Askhad Orazbae, the group's secretary-general, announced the news to journalists at the conclusion of the summit's main meeting in Dushanbe.
"I think the creation of this fund, of course, cannot resolve all of Afghanistan's problems," Orazbae said. "But from a political point of view, it is very important to demonstrate our solidarity with the Afghan people and to show our readiness to provide concrete support for Afghanistan's reconstruction -- and the recovery of the economy after the devastation of Afghanistan."
So far, Pakistan is the only ECO member that has announced a pledge to the fund.
Pakistan, which seeks to build a pipeline to carry Turkmen natural gas across western Afghanistan to a distribution center in southern Pakistan, has promised to contribute $5 million to the fund.
Tajikistan's President Imomali Rakhmonov confirmed that money from the fund would be used to finance regional energy projects.
He also suggested the fund could be used for infrastructure projects, such as a proposed highway link between Iran and Tajikistan that would pass through northern Afghanistan:
"The leaders of [ECO] states and governments believe that our organization has reached such a level of maturity that it can actively and directly help implement large-scale, economically profitable projects of regional importance -- including hydro-energy projects, infrastructure, industrial and hydro-economic projects that contribute the most to the strengthening of the economic potential and progress in our larger region," Rakhmonov said.
At the conclusion of the formal summit sessions, Rakhmonov held a private meeting with Afghan Transitional Administration Chairman Hamid Karzai and President Hojatoleslam Mohammad Khatami of Iran. Tajik government officials told RFE/RL that the three-way talks focused on the proposed Iran-Tajikistan highway through northern Afghanistan.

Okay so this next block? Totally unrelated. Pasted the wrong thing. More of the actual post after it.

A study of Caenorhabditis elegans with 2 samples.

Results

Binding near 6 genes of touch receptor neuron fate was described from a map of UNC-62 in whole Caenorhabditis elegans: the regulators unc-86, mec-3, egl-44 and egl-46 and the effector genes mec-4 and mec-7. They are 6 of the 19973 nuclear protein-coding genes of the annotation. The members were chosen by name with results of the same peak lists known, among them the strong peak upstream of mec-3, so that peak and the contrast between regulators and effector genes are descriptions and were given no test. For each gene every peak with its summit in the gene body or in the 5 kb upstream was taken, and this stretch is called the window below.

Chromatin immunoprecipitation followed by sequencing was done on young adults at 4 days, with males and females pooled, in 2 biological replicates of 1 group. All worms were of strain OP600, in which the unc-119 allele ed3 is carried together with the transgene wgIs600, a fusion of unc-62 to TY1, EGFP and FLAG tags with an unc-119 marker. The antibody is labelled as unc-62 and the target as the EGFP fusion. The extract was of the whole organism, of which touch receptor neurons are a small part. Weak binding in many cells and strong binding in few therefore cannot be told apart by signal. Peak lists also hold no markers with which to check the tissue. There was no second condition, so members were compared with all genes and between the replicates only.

Svante Cornell is a research director of the Contemporary Silk Road Studies Program at Uppsala University in Sweden. He told RFE/RL that it is the interest of both Iran and Tajikistan to build the highway through northern Afghanistan.
"Given the present situation where Tajikistan is economically and trade-wise isolated from Uzbekistan, its opportunities to conduct trade are crucial," Cornell said. "And in this sense, opening up to the south -- and potentially to South Asia or the Middle East, including Iran -- is of paramount importance for any kind of economic development in the country."
Cornell noted that by passing through northern Afghanistan and into Tajikistan, the proposed highway would link together several regions where Persian or the closely related Dari language are spoken.
"Tajikistan, for both cultural and political reasons, is the country that has been the most positive toward Iranian involvement in the region," Cornell said. "Other countries in Central Asia have been wary of Iran. Tajikistan is really the main inroad for Iran into Central Asia. And the changes in Afghanistan have, of course, made it possible for the Iranians to figure [create] a type of Persian cultural zone that stretches from Iran to Tajikistan."
But Cornell said that other ECO countries in the region -- such as Kazakhstan, Kyrgyzstan, Uzbekistan, and Turkmenistan -- will not benefit directly from the proposed highway. They are therefore unlikely to contribute significantly to that project. The two other ECO members are Azerbaijan and Turkey.
(Sojida Djakhfarova from RFE/RL's Tajik service contributed to this report.)